The Real Estate Services Division (RES) oversees the SFPUC’s income-producing property. RES negotiates agreements for the lease, license, purchase and sale of real property in the SFPUC’s real property portfolio and administers existing real estate agreements. RES develops and implements policies to support the operational and real estate needs of other SFPUC divisions. RES does not provide property management services. Other SFPUC divisions issue daily or short-term access or use permits for SFPUC lands. The Land Engineering, Natural Resources and Lands Management, City Distribution Division and the Hetch Hetchy Water and Power System may grant permits for short-term uses.
About Our Lands
The SFPUC has an enormous amount of land—approximately 66,000 acres of watershed land; 1,600 miles of water pipelines and tunnels, 160 miles of electrical transmission lines, 900 miles of sewer lines (collectively, we call this the Right of Way); reservoirs and tanks; treatment plants; maintenance yards; and offices. The SFPUC owns most of these lands in fee.
SFPUC utilities run through San Francisco, San Mateo, Santa Clara, Alameda, Tuolumne, Stanislaus and San Joaquin Counties. The SFPUC supplies water to 2.6 million customers in those counties. In fact, the SFPUC is the largest single landowner in San Mateo and Alameda counties because maintaining a clean and reliable water supply requires vast amounts of protected watershed.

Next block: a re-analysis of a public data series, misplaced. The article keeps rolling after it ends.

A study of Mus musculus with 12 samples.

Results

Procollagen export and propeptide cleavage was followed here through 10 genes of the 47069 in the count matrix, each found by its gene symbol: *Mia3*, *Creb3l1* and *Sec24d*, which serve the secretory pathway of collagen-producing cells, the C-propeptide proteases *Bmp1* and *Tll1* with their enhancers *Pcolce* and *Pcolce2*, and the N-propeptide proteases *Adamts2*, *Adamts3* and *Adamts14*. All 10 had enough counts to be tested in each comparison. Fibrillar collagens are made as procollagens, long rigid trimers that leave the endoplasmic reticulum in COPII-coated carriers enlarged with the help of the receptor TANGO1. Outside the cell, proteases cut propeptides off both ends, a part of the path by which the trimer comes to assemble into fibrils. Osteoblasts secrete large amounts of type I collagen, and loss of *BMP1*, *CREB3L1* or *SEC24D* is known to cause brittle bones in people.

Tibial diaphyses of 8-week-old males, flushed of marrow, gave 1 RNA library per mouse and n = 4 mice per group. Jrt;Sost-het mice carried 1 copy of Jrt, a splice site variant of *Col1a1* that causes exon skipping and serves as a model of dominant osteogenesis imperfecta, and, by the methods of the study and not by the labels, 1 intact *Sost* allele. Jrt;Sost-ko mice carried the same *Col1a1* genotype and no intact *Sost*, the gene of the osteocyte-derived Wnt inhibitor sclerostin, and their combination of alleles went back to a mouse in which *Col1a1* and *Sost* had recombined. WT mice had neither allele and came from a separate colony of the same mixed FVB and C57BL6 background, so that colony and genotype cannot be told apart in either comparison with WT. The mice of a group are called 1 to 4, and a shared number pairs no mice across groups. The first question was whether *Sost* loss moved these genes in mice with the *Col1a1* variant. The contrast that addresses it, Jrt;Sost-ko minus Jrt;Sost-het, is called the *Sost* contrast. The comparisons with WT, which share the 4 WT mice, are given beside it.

Primarily, SFPUC land is used to deliver water, power, and sewer services. Secondary uses may occur on SFPUC land if they produce income to benefit our ratepayers through rental to third-party users or help our utility partners. Secondary uses must be compatible with any primary use and SFPUC policies.
Before the Bay Area’s intensive development occurred over the last 60 years, our Right of Way and Watershed lands sat in rural, agricultural areas. Today, much of the SFPUC’s property lies in suburbia and our Right of Way is located behind large office buildings and shopping centers in Silicon Valley and through community parks.
RES has negotiated rental agreements for a broad range of uses including parking lots, golf courses, utility crossings, telecommunication towers, quarries, landscaping, parks, and more. RES has also learned what does not work for the SFPUC. Although this list is not exhaustive, the SFPUC disfavors any use that:
- contaminates our land or water with hazardous materials;
- provides aerial utility crossing or overhead transmission lines within the Right of Way or watershed;
- cannot effectively be removed in a timely manner, upon the SFPUC's request for maintenance or in case of an emergency;
- fulfills another jurisdiction's open space, setback, parking, or third-party development requirements;
- includes installation of structures or trees on the Right of Way; or
- would increase the SFPUC’s potential liability or diminish the security of the SFPUC’s utility infrastructure.